In 1959, the Dalai Lama fled Lhasa, leaving the People’s Republic of China with a crisis on its Tibetan frontier. Drawing upon never before seen Chinese sources, Sulmaan Khan tells, for the first time, the story of how non-state actors moving across the Tibetan borderlands exposed state weakness and caused the PRC to move from empire-lite to a harder, heavier imperial formation. That change transformed Chinese policy towards the third world and the Cold War.
Sulmaan Khan is assistant professor of international history and Chinese foreign relations at the Fletcher School, Tufts University. A Yale Ph.D., he has published articles in Cold War History and Diplomatic History. He has also written for The Economist, Yale Environment 360, and The American Interest, on topics ranging from Burmese Muslims to dolphins in the Bosphorus. Muslim, Trader, Nomad, Spy: China’s Cold War and the People of the Tibetan Borderlands is his first book.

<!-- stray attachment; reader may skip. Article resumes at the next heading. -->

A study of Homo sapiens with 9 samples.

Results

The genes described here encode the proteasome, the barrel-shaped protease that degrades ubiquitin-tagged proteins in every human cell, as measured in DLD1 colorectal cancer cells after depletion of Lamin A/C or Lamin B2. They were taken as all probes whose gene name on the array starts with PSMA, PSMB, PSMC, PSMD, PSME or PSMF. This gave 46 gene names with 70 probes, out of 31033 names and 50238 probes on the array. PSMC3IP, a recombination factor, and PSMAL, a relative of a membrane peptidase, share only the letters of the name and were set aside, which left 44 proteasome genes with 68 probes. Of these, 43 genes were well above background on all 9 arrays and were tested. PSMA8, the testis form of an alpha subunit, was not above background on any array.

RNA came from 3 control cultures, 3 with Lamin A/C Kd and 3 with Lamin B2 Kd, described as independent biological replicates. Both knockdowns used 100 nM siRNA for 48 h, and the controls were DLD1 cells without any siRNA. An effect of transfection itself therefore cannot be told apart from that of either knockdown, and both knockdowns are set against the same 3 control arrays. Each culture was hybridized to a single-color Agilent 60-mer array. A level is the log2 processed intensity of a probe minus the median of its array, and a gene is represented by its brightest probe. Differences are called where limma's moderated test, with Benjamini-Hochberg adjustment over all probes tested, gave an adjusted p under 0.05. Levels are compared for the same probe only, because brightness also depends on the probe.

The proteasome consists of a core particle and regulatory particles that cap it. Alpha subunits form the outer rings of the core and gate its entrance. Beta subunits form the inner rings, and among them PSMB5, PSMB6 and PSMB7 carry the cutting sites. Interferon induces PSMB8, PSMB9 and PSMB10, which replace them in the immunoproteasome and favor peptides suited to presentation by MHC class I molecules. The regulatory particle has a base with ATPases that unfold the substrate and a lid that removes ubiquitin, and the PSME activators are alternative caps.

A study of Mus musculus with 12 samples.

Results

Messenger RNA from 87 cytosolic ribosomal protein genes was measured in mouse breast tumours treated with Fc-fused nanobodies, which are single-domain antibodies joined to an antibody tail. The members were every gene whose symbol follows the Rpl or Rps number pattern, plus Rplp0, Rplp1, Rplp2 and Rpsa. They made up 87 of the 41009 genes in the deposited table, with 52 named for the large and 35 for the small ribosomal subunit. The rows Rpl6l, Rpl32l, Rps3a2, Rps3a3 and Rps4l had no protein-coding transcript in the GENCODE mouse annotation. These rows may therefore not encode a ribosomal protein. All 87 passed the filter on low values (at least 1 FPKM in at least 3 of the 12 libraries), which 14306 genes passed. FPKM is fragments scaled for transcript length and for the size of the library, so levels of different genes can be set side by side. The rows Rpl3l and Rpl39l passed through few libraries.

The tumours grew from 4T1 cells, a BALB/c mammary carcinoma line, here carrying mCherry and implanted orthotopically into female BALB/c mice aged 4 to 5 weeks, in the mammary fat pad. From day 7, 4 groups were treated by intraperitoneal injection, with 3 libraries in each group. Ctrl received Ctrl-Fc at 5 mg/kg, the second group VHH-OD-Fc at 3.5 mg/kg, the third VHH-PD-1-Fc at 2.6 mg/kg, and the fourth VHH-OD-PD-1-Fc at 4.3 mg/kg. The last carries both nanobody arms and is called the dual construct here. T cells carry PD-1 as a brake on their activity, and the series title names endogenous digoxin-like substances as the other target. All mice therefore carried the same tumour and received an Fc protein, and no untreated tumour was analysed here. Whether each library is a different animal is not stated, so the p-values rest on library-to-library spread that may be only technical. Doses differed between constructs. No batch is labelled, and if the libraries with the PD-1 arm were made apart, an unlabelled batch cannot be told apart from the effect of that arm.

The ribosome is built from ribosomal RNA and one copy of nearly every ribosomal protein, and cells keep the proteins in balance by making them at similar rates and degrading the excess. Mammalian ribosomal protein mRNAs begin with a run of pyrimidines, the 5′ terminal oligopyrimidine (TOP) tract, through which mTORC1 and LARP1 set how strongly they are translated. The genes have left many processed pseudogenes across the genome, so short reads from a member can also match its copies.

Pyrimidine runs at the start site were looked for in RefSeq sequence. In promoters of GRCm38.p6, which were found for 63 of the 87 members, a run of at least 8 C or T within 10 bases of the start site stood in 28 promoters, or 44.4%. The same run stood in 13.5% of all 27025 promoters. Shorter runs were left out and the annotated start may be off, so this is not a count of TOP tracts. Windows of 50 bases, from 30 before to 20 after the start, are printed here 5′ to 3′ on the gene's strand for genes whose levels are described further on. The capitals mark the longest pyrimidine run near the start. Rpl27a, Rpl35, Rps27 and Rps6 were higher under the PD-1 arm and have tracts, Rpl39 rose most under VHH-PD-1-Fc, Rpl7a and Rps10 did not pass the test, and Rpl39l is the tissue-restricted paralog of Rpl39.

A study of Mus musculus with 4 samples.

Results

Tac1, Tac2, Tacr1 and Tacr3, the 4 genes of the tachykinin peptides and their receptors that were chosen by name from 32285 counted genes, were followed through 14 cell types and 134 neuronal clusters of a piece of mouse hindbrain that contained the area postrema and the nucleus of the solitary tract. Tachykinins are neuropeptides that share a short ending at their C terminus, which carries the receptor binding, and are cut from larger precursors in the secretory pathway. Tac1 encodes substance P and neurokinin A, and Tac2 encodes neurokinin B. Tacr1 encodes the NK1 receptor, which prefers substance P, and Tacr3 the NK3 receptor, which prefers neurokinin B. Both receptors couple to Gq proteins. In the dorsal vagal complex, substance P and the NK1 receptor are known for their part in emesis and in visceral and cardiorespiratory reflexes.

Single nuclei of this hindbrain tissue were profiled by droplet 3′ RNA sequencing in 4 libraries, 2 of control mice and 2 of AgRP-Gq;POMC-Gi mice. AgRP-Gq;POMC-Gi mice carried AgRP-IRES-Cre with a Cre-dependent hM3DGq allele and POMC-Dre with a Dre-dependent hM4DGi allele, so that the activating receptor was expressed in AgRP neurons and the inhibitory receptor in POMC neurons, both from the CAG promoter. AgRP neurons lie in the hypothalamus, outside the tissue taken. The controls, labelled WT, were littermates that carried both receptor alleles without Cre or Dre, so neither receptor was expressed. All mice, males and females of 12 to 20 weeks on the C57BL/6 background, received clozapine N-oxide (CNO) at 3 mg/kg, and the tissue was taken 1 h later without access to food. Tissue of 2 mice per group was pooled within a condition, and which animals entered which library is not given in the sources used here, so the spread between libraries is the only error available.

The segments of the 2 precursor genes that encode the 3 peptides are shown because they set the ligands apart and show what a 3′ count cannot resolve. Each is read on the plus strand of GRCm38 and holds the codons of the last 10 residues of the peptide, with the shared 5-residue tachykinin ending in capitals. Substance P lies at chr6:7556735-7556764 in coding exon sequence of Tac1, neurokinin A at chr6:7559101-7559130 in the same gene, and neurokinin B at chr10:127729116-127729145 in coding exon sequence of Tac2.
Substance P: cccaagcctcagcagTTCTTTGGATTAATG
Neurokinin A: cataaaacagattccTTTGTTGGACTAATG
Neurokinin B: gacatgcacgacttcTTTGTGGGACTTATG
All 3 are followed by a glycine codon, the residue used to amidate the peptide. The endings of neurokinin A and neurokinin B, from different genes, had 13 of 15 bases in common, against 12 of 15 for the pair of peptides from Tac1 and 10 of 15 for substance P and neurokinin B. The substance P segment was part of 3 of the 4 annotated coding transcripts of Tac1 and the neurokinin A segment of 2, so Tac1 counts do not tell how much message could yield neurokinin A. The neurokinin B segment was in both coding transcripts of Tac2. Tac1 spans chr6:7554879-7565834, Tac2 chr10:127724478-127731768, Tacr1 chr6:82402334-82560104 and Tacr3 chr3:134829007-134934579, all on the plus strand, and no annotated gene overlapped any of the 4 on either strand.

The seminar meets at 4:00 p.m. at the Woodrow Wilson Center, 6th Floor Moynihan Board Room, Ronald Reagan Building, Federal Triangle Metro Stop.
The seminar is sponsored jointly by the National History Center of the American Historical Association and the Wilson Center. It meets weekly during the academic year. See www.nationalhistorycenter.org for the schedule, speakers, topics, and dates as well as webcasts and podcasts. The seminar thanks the Society for Historians of American Foreign Relations and the George Washington University History Department for their support. Reservations requested because of limited seating.